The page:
Seemingly healthy levels of liver fat can trigger type 2 diabetes, UK study suggests
New research presented at the Annual Meeting of the European Association for the Study of Diabetes (EASD), held online this year, found that the amount of fat stored in the liver is higher in people with type 2 diabetes (T2D), whatever their BMI.
It also suggested that levels of liver fat currently considered to be healthy can be metabolically harmful in people with a normal BMI, causing T2D.
The most common form of diabetes, T2D occurs when the pancreas can't make enough insulin (a hormone which helps turn the sugar in food into energy) or the insulin it makes doesn't work properly.
Previously, the landmark Diabetes Remission Clinical Trial (DiRECT), from Glasgow and Newcastle universities, showed that an intensive weight loss programme delivered by GPs can put T2D into remission in people who are overweight.
The DiRECT trial suggested that excess fat stored in the liver and pancreas drives the development of T2D—and loss of this intra-organ fat is key to remission.
It is known that the excess fat in the liver prevents insulin from working properly, while fat in the pancreas is thought to stop the insulin-producing cells from working properly.
The latest research, from Professor Roy Taylor and colleagues at Newcastle University, looked at whether intra-organ fat is also elevated in people of normal weight with T2D. It also examined how levels of intra-organ fat changed after weight loss-induced remission.
It used data from two BMI categories. The first was made up of 56 participants from the DiRECT trial. They had an average BMI of 35.1, which is in the obese range, and an average age of 53.
The second cohort was made up of 15 participants in the Reversal of Type 2 Diabetes upon Normalisation of Energy Intake in the Non-obese (ReTUNE) trial. ReTUNE is looking at whether weight loss can put T2D into remission in people who are of normal weight.
These participants had an average BMI of 24.3, which is in the normal range, and an average age of 58.
Both cohorts followed a weight management programme designed to bring about remission of T2D through 10-15% weight loss. This involved consuming 800 calories a day (from low calorie soups and shakes) to induce weight loss, followed by support in maintaining their new weight.
Scans were used to measure levels of fat in the liver and pancreas before and after weight loss.
Finally, the results were compared to a group of controls—people without diabetes who were matched for age, sex and BMI.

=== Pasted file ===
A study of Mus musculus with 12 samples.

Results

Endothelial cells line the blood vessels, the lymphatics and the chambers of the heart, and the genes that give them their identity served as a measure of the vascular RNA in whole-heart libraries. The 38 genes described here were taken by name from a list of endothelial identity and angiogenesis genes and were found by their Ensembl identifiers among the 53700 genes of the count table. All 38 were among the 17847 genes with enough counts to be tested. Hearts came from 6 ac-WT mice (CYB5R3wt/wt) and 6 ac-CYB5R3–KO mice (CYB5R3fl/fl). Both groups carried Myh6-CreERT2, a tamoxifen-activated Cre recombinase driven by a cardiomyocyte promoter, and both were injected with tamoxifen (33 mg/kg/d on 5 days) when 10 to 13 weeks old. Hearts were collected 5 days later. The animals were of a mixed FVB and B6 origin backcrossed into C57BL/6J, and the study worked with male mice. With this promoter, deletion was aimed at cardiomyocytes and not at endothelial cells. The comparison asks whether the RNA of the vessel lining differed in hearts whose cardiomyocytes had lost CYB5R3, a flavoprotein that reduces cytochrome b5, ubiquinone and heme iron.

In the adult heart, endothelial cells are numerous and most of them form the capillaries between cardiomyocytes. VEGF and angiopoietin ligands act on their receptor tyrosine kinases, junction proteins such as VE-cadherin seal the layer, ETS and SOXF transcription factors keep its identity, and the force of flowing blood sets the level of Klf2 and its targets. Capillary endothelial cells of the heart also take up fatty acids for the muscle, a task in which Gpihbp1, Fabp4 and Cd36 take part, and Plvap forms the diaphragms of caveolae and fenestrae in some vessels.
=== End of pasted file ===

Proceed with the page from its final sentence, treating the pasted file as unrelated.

Liver and pancreatic fat were higher in those with diabetes, whatever their BMI, than in the controls and fell with weight loss.
Liver fat fell dramatically In the DiRECT participants, dropping from an average of 16% to 3%. The figure for the overweight controls was 5.5%.
In the ReTUNE participants, liver fat fell from 4.7% to 1.4%. The figure for the normal weight controls was 1.9%.
Levels of intrapancreatic fat also decreased. They fell from 8.5% to 7.6% in the DiRECT participants (control, 6.8%) and from 5% to 4.5% in the ReTUNE participants (control, 3.4%).
A similar proportion of people in both cohorts—60% of the DiRECT participants and 67% of the ReTUNE participants—achieved remission of their T2D. Remission was defined as was defined HbA1c (average blood sugar level) of less than 48mmol/mol and off all medication.
More data from the ReTUNE trial is being presented at this meeting and is presented in a separate press release with the same embargo as this material.
The researchers say their results show that levels of liver fat vary with weight and that the threshold for a healthy level of liver fat should take into account a person's BMI. At present, it is assumed that a liver fat level of less than 5.5% is healthy whatever a person's BMI.
Professor Taylor adds: "It clear that if an individual has type 2 diabetes, they have more fat inside their body than they can cope with, even if they seem to be slim.
"These results also show that levels of liver fat vary with weight and that levels currently considered to be healthy can actually be harmful in lighter people.
"At present, it is assumed that a liver fat level of less than 5.5% is healthy whatever a person's BMI.
"We need to change the way we assess liver fat, to take into account BMI."